Views:0 Author:Site Editor Publish Time: 2021-01-28 Origin:Site
If you're going to buy your own hospital bed, here are a few tips to help you feel more confident before you go to a supplier.
Whichever type of hospital bed you choose, there are some features which are must-haves for home care beds:
Most people who require a specialist bed at home have to spend a lot of time in bed.
A profiling bed can be adjusted and repositioned to provide better support and comfort. This helps to prevent friction and pressure ulcers as they don't have to lie in the same position all day.
The backrest can even be lifted to allow someone to sit up properly without having to be transferred into a chair.
Whether the user will operate the bed themselves, or they require help from a carer, any hospital bed used in a home setting must have simple, easy to use controls.
Most suppliers will provide some training when they deliver and set up your bed. They should also have a user manual you can refer to if you have any problems.
But you really want equipment that will be used on every day to feel intuitive! Look out for:
Large, well-spaced buttons.
Clear, simple labels for different functions.
Easily accessible emergency stop button.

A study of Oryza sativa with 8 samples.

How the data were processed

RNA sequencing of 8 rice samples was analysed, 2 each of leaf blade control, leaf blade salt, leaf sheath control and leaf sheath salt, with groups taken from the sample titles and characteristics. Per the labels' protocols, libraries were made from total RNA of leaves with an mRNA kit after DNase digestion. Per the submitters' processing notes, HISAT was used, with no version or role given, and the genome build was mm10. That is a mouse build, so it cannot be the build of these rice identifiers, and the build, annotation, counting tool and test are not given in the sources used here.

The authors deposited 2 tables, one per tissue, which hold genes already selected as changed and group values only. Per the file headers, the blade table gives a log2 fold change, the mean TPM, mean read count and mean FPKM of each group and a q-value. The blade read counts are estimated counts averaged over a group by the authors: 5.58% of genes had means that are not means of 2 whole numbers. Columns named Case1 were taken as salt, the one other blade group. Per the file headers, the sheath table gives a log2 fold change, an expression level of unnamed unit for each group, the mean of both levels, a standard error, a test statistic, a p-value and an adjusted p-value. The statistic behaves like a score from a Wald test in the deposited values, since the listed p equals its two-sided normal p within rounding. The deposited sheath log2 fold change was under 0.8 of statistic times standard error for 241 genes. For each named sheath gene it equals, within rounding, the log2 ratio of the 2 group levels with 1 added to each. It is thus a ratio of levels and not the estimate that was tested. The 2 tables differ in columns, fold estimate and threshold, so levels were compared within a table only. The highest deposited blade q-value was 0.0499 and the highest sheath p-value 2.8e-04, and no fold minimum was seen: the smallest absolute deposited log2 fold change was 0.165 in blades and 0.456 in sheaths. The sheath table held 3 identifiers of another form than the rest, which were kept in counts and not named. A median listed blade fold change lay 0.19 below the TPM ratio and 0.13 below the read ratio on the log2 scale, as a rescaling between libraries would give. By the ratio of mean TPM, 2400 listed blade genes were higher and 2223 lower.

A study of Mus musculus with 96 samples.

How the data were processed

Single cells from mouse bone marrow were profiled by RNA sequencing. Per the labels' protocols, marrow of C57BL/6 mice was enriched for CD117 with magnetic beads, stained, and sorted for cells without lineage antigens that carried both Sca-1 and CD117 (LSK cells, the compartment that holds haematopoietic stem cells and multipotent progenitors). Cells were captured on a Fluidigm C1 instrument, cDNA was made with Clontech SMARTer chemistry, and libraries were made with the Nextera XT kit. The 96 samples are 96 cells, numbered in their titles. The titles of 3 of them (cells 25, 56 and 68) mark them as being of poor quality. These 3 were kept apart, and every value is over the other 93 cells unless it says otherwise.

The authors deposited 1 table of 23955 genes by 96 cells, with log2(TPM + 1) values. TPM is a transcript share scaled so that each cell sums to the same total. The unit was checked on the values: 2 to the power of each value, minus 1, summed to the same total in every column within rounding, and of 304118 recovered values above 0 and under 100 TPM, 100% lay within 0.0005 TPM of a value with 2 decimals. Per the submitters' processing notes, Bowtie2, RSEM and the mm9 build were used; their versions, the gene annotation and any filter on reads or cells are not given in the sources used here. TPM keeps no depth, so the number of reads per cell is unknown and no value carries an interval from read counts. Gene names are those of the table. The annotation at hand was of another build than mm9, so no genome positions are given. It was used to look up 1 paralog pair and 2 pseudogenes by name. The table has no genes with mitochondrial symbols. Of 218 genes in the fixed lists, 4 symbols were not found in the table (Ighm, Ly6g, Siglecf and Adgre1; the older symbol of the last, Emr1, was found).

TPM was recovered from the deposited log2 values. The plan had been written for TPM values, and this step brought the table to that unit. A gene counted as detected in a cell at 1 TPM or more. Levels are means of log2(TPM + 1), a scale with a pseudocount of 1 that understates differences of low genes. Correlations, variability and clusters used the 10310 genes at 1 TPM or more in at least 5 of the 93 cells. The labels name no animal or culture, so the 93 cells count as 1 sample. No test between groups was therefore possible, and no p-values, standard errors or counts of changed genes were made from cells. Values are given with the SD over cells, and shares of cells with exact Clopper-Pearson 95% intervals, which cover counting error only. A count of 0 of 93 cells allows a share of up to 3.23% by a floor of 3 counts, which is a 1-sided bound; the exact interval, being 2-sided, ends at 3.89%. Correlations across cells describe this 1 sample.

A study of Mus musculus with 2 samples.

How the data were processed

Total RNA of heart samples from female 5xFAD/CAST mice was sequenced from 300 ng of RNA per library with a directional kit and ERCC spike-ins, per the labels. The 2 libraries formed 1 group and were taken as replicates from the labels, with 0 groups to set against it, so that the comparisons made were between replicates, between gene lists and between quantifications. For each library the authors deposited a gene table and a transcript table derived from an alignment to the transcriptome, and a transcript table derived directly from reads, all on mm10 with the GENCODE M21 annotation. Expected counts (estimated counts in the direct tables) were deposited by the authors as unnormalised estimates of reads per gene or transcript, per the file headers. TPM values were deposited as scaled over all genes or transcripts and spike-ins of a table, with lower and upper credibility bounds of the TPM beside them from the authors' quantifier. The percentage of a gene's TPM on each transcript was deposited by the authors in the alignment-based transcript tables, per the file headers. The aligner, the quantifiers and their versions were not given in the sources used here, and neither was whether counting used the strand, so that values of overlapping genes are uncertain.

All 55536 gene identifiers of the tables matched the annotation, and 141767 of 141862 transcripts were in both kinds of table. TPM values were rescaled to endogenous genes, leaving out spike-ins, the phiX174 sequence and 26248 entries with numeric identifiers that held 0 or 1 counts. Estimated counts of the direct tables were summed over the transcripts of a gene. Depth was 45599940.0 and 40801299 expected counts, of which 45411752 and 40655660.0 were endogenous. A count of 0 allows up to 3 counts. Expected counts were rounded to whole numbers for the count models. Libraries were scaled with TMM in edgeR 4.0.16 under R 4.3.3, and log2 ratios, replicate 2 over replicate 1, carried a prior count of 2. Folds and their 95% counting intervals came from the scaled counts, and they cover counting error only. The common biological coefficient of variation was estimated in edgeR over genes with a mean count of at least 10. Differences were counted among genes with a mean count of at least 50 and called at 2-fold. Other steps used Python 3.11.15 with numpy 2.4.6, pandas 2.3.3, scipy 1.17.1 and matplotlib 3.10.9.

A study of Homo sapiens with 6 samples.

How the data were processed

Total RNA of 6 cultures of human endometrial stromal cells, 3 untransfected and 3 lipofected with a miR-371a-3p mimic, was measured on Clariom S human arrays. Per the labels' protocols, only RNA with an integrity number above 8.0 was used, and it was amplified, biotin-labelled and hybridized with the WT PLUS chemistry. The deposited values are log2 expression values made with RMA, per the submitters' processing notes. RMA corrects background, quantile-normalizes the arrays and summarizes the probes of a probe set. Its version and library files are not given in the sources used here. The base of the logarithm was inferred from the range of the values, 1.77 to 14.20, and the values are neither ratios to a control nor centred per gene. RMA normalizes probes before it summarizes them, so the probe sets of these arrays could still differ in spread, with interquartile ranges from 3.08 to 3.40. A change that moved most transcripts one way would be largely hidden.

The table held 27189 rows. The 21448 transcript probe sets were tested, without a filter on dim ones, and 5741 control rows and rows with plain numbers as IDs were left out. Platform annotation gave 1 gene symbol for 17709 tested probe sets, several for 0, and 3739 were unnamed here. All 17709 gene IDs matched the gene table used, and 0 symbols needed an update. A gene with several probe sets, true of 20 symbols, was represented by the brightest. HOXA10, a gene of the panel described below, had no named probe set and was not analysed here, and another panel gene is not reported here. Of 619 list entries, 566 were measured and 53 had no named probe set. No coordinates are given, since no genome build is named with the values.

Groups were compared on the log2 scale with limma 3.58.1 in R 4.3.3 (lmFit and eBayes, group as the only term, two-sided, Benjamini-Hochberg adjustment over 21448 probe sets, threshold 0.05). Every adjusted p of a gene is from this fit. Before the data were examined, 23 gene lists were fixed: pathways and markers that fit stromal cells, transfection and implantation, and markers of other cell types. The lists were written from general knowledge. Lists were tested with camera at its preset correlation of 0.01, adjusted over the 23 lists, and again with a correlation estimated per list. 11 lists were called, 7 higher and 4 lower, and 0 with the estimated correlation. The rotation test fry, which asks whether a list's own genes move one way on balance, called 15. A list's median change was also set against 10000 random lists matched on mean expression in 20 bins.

Other features to consider
The following features are included on most hospital beds in a clinical care setting, but won't necessarily be needed in a home setting.
Before choosing a hospital-style bed, you should consider whether these features will support home care for the user. If they aren't required, then you may be better choosing a more traditional style care bed which looks and feels more homely.
Hospital-style beds are height-adjustable. On a hospital ward, this is very beneficial as it allows different members of staff to adjust the bed to a height that suits them when giving treatment. This reduces their risk of back strain and other injuries.
In a home setting, this can still be extremely beneficial for carers. However, if the same person always provides bedside care they may not feel they need adjustability.
Height-adjustable beds are also great for anyone who self-transfers from their bed to a chair. The bed can be set to the correct height to make this as easy as possible.
If someone is at risk of falling, a height-adjustable bed can also be lowered during the night. This minimises the risk of injury whilst allowing the bed to be returned to a standard height during the day. A person can see around the room and interact more easily if their bed isn't permanently lowered.
So, there are clear benefits to height-adjustable beds for home use, but they won't apply for everyone. If you decide you don't need height-adjustment, a divan style profiling bed may be a better option.